Thérèse Bondurant trusted her parents to provide for her and her young half-sister, though they never wed due to laws against mixed-race marriage. But when both die of a fever, Thérèse learns her only inheritance is debt—and her father’s promise that somewhere on his plantation lies a buried treasure. To save her own life—as well as that of her sister—she’ll need to find it before her white cousins take possession of the land.
British officer Henry Farlow, dazed from a wound received in battle outside New Orleans, stumbles onto Thérèse’s property out of necessity. But he stays because he’s become captivated by her intelligence and beauty. It’s thanks to Thérèse’s tender care that he regains his strength just in time to fend off her cousin, inadvertently killing the would-be rapist in the process.
Though he risks being labeled a deserter, it’s much more than a sense of duty that compels Henry to see the sisters to safety—far away from the scene of the crime. And Thérèse realizes she has come to rely on Henry for so much more than protection. On their journey to freedom in England, they must navigate a territory that’s just as foreign to them both—love.
So perhaps it wasn’t surprising that she hadn’t heard the wounded redcoat until he’d staggered to within a few yards of them.
She didn’t want to shoot him. She’d never fired her pistol at anything more than a paper target, though Father had trained her to have a good eye and a steady hand. This poor man was already wounded. The quantity of blood staining his left side a darker red than his coat was enough to turn her stomach. And he hadn’t come here seeking to harm them. He was a stranger. He knew nothing of their business. But now he was here, and he’d seen their treasure—her dowry, her sister’s freedom. How could she let him live?
“Go on,” Jeannette said. “Kill him.”
She spoke Creole, and the Englishman frowned, more baffled than afraid. Then his eyes widened. Thérèse couldn’t help noticing those eyes, such a startling light blue. “No.” He swallowed, and that pale gaze wavered between her pistol and her face. “Please,” he continued in good clear French. “I won’t hurt you.” He lifted his hands yet farther away from his weapons. “If you’ll help me to the road, there—” he pointed his chin toward the river, “—I’m sure someone will come along who can take me back to my army. Or your army. It doesn’t matter which. Please help me.”
It wasn’t his fault he was here. If she bought her independence and her sister’s freedom on his life’s blood, the guilt would haunt her for the rest of her days. She lowered the pistol.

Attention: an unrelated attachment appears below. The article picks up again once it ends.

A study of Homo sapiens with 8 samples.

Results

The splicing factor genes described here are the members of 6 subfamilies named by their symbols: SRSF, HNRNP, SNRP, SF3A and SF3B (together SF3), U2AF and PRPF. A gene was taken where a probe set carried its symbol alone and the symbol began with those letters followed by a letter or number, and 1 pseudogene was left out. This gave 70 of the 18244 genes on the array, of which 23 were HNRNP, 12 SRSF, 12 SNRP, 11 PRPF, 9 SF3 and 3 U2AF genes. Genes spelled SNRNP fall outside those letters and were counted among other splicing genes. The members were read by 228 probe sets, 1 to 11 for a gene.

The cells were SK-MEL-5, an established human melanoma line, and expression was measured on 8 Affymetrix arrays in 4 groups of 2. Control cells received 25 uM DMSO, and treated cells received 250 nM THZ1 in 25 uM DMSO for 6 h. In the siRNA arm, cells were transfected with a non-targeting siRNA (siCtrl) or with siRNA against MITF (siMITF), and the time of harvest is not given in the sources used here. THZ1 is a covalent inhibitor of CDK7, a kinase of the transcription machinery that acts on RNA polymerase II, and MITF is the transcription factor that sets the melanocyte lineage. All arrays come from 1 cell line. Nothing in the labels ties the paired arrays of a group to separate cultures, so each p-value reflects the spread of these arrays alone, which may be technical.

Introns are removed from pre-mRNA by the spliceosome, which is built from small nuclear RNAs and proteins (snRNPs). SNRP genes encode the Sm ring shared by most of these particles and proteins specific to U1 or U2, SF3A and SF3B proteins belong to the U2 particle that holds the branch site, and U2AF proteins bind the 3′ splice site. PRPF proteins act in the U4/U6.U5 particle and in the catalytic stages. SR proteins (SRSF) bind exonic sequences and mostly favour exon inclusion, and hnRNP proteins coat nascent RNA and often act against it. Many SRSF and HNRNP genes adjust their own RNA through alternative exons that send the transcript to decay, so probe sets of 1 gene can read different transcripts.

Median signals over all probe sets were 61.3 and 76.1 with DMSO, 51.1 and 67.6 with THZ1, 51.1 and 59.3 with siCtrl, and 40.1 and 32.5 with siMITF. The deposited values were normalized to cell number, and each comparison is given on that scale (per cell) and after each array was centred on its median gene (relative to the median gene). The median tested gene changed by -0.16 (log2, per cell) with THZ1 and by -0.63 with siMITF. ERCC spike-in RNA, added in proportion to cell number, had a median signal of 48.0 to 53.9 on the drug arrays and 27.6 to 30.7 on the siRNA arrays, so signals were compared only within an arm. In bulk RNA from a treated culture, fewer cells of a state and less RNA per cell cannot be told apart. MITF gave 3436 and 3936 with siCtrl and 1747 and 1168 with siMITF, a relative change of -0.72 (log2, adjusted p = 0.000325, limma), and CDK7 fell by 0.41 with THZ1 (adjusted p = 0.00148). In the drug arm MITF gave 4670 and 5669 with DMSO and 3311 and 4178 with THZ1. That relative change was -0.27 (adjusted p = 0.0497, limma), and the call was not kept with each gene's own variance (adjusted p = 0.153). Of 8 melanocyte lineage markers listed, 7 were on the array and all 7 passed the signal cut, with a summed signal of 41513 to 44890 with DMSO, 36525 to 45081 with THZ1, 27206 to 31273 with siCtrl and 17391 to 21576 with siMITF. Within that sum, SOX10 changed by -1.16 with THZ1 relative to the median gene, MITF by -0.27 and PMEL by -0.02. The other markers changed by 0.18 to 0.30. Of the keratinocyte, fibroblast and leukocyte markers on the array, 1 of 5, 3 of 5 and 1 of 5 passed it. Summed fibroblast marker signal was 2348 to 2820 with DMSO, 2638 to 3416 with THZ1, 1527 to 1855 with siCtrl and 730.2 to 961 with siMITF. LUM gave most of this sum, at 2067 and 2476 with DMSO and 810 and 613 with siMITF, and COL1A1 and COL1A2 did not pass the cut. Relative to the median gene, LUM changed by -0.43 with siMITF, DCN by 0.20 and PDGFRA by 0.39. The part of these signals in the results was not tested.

“Thérèse!” Jeannette hissed. “He’s seen.”
“I don’t want your treasure,” he said.
Jeannette tossed her head. “All men want treasure,” she said, smoothly switching from Creole to French. Really, the girl was far too cynical for a child of thirteen, but Thérèse couldn’t say she was wrong.
“If I can live and go home to my family, that’s treasure enough for me.”
He spoke simply, and for all that he was a stranger and she had no reason to trust him, Thérèse believed him. He probably had
money of his own. She knew enough of military uniforms from watching Gratien Roche drill with the militia of the gens de couleur libres, the free men of color, to guess that this redcoat must be an officer. He carried a sword, and though his uniform coat had clearly seen years of wear, it seemed too well tailored and elaborately trimmed to be something issued to a common soldier. Officers were usually gentlemen, even more so in aristocratic England than democratic America. This treasure that was everything to her might be a trifle to him, not worth putting the theft on his conscience.
But what was he doing so far from the battlefield? She and Jeannette had heard it that morning, booming artillery and the sharp crack of rifles and muskets. For all that it sounded terrifyingly close, Jeannette had sworn the plantation where the American army had made its fortifications was nearly two miles away. “You’re far from your army,” Thérèse commented in French, keeping her voice neutral.
He blinked, pain and confusion written on his face. “I got lost.”
What if he was lying? What if he wasn’t a proper wounded officer, but a deserter looking to rape and plunder? Maybe he’d gotten those wounds from someone he’d attempted to rob, not from an American bullet. Maybe he wasn’t as badly hurt as he seemed, and she needed to shoot him before he attacked them.
But then why would he be going about in full bright red uniform, marked as an enemy to anyone who saw him? Being hurt or sick could certainly confuse someone enough to get them lost. She remembered how Fontaine, who lived next door to her mother, had acted just after he’d taken that blow to the head fighting with Bosque, and how badly Father’s wits had wandered in the last days of his illness. He’d been so sure it would be easy to locate this treasure, saying again and again, Capucine helped me bury it, and never mind that Capucine had been dead two years!
She sighed. It was useless to repine over Father’s failings, especially when he hadn’t been lying about the jewels after all. He had left something to his daughters, though how she was to dispose of anything as rare and spectacular as these emeralds without his erstwhile employers, the Lafittes, learning of their existence, she couldn’t begin to guess.
But she could help this man. He was lost, he was injured, and though he might be her nation’s enemy, away from the battlefield the accidents of birth that had made him English and her American were nothing to kill over. “We’ll take him to the house,” she told Jeannette. “There’s still some furniture there.”